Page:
There’s nothing quite so American as the idea of choice—enjoying what you want, when and how you want it. And flights of beer, with their meandering genealogies and jazzy changes in tempo and tone, embody this ethic perfectly.
Ever-growing craft breweries show no sign of slowing down
Hitting the road with Granite State Tours With all 14 passengers safely aboard Greta the Growler Getta—ﬂagship of the North Hampton, New Hampshire–based Granite State Growler Tours—lead tour guide Mark Chag quickly sets the day’s whimsical tone. “Just your luck!” Chag brays in trademark New England brogue. “Getting on a bus where the blind guy’s driving and the deaf guy’s answering questions!”
This summer is not vacation time for Tod Mott. By the time the dog days of August arrive, the former Portsmouth Brewery maestro—along with his wife, Galen—hopes to have officially opened Tributary Brewing Company, a new, 15-barrel (bbl) micro-operation located at Post Office Square in Kittery,Maine.
The number of breweries in the United States has grown faster in the past few years than anytime in history. Every day a handful of bootstrapping entrepreneur with big dreams brew, package, and distribute their creative passions in a bottle, can, or keg with the ultimate goal of getting someone to try it. Without the benefits of big-budget mass marketing, craft breweries rely on word-ofmouth and the grass-roots approach to gaining popularity. As beer lovers know, when we try something we like, we’re happy to spread the word.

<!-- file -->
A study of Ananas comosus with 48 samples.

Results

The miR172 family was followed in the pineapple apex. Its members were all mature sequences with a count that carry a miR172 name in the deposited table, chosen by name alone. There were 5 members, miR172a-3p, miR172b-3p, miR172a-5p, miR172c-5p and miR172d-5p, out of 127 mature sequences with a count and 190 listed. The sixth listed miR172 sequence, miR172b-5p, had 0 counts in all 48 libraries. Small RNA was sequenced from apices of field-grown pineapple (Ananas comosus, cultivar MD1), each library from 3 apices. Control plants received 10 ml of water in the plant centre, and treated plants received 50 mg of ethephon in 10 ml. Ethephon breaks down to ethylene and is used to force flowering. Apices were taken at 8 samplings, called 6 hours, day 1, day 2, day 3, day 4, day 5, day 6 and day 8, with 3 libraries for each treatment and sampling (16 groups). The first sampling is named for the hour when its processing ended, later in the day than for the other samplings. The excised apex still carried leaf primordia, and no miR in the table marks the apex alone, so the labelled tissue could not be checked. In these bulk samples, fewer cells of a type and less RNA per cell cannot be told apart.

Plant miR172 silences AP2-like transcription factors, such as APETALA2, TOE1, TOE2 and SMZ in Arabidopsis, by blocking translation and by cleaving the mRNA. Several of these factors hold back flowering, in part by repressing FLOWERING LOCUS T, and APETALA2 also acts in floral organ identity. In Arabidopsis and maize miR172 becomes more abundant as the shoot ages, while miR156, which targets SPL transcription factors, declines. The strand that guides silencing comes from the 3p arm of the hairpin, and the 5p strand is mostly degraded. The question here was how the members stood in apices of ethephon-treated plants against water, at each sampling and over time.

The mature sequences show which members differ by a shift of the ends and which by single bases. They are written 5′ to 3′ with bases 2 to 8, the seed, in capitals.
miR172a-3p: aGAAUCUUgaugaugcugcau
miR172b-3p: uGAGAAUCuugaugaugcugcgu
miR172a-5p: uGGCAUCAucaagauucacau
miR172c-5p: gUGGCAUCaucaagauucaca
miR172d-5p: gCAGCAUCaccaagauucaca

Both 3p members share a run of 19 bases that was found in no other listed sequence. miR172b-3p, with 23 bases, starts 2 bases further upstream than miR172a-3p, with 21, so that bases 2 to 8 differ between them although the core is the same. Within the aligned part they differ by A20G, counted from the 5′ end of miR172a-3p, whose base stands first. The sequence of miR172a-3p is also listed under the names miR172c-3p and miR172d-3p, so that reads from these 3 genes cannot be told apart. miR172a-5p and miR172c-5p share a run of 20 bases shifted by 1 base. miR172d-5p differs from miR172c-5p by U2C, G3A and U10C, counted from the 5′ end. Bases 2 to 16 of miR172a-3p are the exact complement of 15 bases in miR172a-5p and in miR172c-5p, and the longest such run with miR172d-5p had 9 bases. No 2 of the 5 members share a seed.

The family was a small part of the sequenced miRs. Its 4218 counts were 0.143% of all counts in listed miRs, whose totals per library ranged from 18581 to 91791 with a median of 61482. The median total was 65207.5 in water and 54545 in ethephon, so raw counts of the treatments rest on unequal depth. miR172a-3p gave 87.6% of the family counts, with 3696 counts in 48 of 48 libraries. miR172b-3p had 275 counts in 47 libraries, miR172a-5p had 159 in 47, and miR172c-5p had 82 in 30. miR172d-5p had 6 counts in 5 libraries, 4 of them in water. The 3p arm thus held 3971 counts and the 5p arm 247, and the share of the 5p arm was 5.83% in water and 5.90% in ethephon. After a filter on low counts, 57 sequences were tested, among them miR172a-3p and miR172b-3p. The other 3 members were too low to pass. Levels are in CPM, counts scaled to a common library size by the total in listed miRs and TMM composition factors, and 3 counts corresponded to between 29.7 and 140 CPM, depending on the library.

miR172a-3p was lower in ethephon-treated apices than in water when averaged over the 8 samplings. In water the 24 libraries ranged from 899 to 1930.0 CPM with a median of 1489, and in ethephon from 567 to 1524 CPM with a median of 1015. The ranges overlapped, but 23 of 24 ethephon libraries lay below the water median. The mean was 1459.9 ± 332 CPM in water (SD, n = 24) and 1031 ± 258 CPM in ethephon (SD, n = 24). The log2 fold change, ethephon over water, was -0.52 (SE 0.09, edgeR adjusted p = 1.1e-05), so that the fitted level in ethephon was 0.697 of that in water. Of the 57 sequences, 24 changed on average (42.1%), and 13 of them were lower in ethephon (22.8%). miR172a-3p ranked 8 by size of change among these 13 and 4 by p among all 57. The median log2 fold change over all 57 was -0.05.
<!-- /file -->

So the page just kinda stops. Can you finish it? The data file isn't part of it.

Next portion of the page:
Starting in the 1990s, American brewing has undergone a steady resurrection from the decades-long decline since the repeal of Prohibition in 1933. By the late 1970s, the industry was dominated by a handful of heavy hitters, with only 79 registered breweries nationwide. By June of 2013, there were 2,538 registered American breweries, an increase of over 400 since 2011, the year New Hampshire passed a law making it easier for small-scale breweries to operate. From bitters to Belgians, stouts to sours, and just about every pale and porter in between, America has most definitely rediscovered its brewing voice.
“We have 166 taps between the three bars,” says Joe Kelly, owner and visionary of Thirsty Moose Tap House in downtown Portsmouth, which opened last July. The upstairs bar was first to open, followed by the downstairs events area, which caters to anyone looking for great live music, private parties, and more of a lounge atmosphere. Kelly, a serial entrepreneur, had the idea for this concept after a trip to California and a visit to the well-established Yardhouse. “I truly expected someone else to build this type of restaurant sooner,” he says. “Portsmouth is the best town in the area to live, work, and own a business. Fortunately, the timing was right and we secured an awesome space.”